Anton Corbijn, C|O Berlin

On a recent return visit to Berlin, I was delighted to learn that C|O Berlin was exhibiting work by Anton Corbijn to mark the internationally renowned photographer and director’s sixtieth birthday.

The exhibition is a retrospective, which includes approximately 600 photographs, with some films and other materials. It tracks Corbijn’s evolution from a self-taught novice who used his camera to combat shyness and to accompany him to music gigs, to his present, a highly celebrated and influential photographer.

The work demonstrates an extraordinary diversity of work in both subject matter and technique, consisting of two series: Hollands Deep, which spans a 40 year output from his early black + white iconic photography, to his personal projects and conceptual series.

1-2-3-4 celebrates his work within the music industry, with many of the images on view being shown for the first time. The exhibition concentrated on images of bands and musicians that he  photographed over a period of time and moreover, where his work became part of the visual history of these artists e.g. Rolling Stones, U2, Nirvana, The Slits, Nick Cave, Siouxsie Sioux, Arcade Fire, Tom Waits, REM, Metallica, Johnny Rotten and Depeche Mode among a vast array of others.

There were also a lot of what Corbijn refers to as 'forgotten images',  of people like Isaac Hayes, the Bee Gees, David Bowie, Joe Cocker, Johnny Cash, Grace Jones and again, countless others.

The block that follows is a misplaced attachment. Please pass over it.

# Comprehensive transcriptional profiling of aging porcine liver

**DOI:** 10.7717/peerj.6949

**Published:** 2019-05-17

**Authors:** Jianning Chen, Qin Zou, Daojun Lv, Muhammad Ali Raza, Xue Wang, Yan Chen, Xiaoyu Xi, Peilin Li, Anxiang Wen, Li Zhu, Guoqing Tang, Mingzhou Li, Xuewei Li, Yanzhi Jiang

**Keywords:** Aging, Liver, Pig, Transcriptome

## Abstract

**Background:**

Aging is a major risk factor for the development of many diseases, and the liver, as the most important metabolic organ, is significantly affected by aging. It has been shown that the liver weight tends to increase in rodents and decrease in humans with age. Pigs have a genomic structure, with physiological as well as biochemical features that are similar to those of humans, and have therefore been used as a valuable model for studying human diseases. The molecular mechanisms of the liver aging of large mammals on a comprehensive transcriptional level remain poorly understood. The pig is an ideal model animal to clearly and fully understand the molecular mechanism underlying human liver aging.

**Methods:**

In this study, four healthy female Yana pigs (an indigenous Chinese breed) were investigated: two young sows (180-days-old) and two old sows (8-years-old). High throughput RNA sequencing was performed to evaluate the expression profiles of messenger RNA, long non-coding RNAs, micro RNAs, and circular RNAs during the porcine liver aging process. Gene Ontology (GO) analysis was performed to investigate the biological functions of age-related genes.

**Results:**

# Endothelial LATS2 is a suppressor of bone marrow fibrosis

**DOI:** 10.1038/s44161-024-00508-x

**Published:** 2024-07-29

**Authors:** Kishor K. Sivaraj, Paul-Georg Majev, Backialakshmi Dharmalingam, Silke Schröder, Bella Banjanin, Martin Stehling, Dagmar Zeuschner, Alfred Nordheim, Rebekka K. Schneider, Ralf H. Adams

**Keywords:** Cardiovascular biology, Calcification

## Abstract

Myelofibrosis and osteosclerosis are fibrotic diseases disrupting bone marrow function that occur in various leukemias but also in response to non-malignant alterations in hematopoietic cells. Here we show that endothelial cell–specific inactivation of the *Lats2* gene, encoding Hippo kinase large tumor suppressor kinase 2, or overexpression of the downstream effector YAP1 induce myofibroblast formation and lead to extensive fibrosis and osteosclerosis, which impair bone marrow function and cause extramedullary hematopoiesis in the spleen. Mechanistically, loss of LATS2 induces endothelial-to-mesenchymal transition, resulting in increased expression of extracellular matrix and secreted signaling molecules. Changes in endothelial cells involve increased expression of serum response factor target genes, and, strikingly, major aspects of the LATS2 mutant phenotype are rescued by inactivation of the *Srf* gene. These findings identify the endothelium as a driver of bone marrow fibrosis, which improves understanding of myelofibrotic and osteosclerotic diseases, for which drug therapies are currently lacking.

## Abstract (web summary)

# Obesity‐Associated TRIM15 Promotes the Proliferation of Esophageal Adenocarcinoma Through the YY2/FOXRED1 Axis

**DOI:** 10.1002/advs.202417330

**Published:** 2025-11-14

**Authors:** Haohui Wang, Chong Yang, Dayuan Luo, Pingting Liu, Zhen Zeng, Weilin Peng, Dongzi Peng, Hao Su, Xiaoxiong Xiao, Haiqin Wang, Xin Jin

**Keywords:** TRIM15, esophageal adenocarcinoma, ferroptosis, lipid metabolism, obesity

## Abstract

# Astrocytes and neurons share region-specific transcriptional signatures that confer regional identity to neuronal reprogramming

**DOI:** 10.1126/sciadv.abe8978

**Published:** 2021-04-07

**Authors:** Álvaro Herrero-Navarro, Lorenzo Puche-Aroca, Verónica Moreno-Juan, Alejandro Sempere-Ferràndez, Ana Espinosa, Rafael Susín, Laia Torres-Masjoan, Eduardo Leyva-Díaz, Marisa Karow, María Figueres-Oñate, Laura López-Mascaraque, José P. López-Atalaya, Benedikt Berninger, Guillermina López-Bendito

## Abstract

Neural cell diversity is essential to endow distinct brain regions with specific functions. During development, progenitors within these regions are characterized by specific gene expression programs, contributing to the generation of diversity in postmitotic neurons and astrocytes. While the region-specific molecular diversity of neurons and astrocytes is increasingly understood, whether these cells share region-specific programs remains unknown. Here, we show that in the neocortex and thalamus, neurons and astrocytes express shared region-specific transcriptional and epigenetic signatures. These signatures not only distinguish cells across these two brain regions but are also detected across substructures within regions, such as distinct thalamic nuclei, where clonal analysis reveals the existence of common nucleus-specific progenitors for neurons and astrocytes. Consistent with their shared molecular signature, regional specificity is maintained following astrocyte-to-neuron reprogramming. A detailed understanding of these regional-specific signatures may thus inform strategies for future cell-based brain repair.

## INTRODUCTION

A section of the exhibition shows his self-portraits, where he assumes the identity of some of the artists he has shot, including Jimi Hendrix, Kurt Cobain, John Lennon and Janis Joplin. The photos were taken in Corbijn’s hometown of Strijen (population 9,000) about an hour south of The Hague. The celebrities never visited Strijen of course. Plus they were all already dead.

Corbijn turned the camera on himself, staging the images in which he dressed in wigs, glasses and clothes of the famous individuals, mimicking their outward appearances and stage personas. What is quite evident is that he captured the subjects in self-portrait, in the same manner as  would have photographed them were they were still alive.

While studying for a BA in Photographic Media, I wrote a lot about Corbijn and his work. I have researched his work formally and informally. I could write again here forever. 

Corbijn took days on shots and decades with particular bands. He argued against the tag of 'rock photographer ' but rather a photographer whose subjects are creators, artists etc., very often outside of the music industry. He travels light with a minimum of equipment and assistance. 

His work is both documentary and narrative and this exhibition really conveys the diversity of his work, his subjects, approach and techniques. One cannot ignore the privileged access that was once an indication of great entertainment journalism, which has since become a carefully orchestrated, PR-controlled affair, with music artists particularly insisting on more control over the manner in which they are presented. 

"If you make something with love and, you know, passion and you tell a real story, I think it will always find an audience somehow."